North-east farmers have called for plans to replace storm-damaged bridges as they revealed the strain their loss has placed on the local industry.
Aberdeenshire Council’s infrastructure committee met yesterday to discuss a report on the impact of road closures in King Edward, near Banff, after flooding destroyed several crossings in September.
Of the seven bridges damaged, only the The South Mains bridge on the B9105 Fraserburgh to Turriff road has been repaired as the authority argued it could not justify the £1.26 million expense of fixing the rest.
The Bridge of Gorrachie, Bridge of Fortrie, Bruntyards, Millcroft, Mill of Balmaud and North Litterty remain ruined.
The report stated that the local area has “effectively been split in half” by the loss of the structures.
Lorna Paterson, regional manager for the National Farmers Union for Scotland, branded the situation “ridiculous” in an impassioned speech.
She said: “There are in excess of 40 farms affected by this.
“For smaller farmers and larger businesses, such as Benzie Ewan and Son and Alan Twatt Potatoes, they are struggling to reach their fields.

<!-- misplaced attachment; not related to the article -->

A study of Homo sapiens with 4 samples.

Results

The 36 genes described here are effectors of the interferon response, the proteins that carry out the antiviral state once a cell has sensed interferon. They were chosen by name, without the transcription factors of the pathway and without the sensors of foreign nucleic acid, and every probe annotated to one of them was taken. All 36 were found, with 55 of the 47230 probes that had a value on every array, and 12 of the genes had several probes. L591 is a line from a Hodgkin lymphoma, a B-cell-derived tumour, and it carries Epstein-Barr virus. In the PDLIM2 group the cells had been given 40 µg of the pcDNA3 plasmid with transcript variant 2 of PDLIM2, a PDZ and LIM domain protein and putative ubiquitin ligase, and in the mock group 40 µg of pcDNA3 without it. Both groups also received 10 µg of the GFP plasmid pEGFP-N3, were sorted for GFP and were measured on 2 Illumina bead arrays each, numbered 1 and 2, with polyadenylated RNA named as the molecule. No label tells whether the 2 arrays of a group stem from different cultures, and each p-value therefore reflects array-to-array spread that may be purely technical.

“There is a sense of urgency here, and real fear about how this will affect businesses across the north-east.
“One farmer has to make an eight-mile detour to reach his land. It is ridiculous.”
She added: “And these increased travel times completely flies in the face of the carbon efficiency targets set by the Scottish Government.
“The farming community are pragmatic – they don’t expect a bridge to be built in a day, but they do expect an urgency plan with clear communication.”
Those sentiments were echoed by King Edward farmer Wilson Strachan, who has lived in the area for 50 years.
He spoke of the new challenges in running his farm and fears that the situation will worsen by spring.
He added: “Everyone is losing time, we have had ambulances taking longer to assist with call-outs and carers being delayed.”
Councillors were also informed that community hall events had experienced a dramatic drop in attendance, and that parents have raised fears about the future of school rolls.
Philip McKay, head of roads, landscapes and waste services at Aberdeenshire Council, said: “Engineers are champing at the bit to repair these bridges but, at this point in time, we can’t do it.”
The committee agreed that the bridges would not replaced “at this time” due to their “relative low priority” but that, when funding becomes available, Bridge of Gorrachie and Bruntyards would be repaired first.
In addition, contact is to be made with the Scottish Government to explore the
potential for additional financial assistance.
Local councillor Ross Cassie added: “This is the start of a process and we need to work to maintain the connectivity of the area so it doesn’t impact on school catchments, emergency and other services.”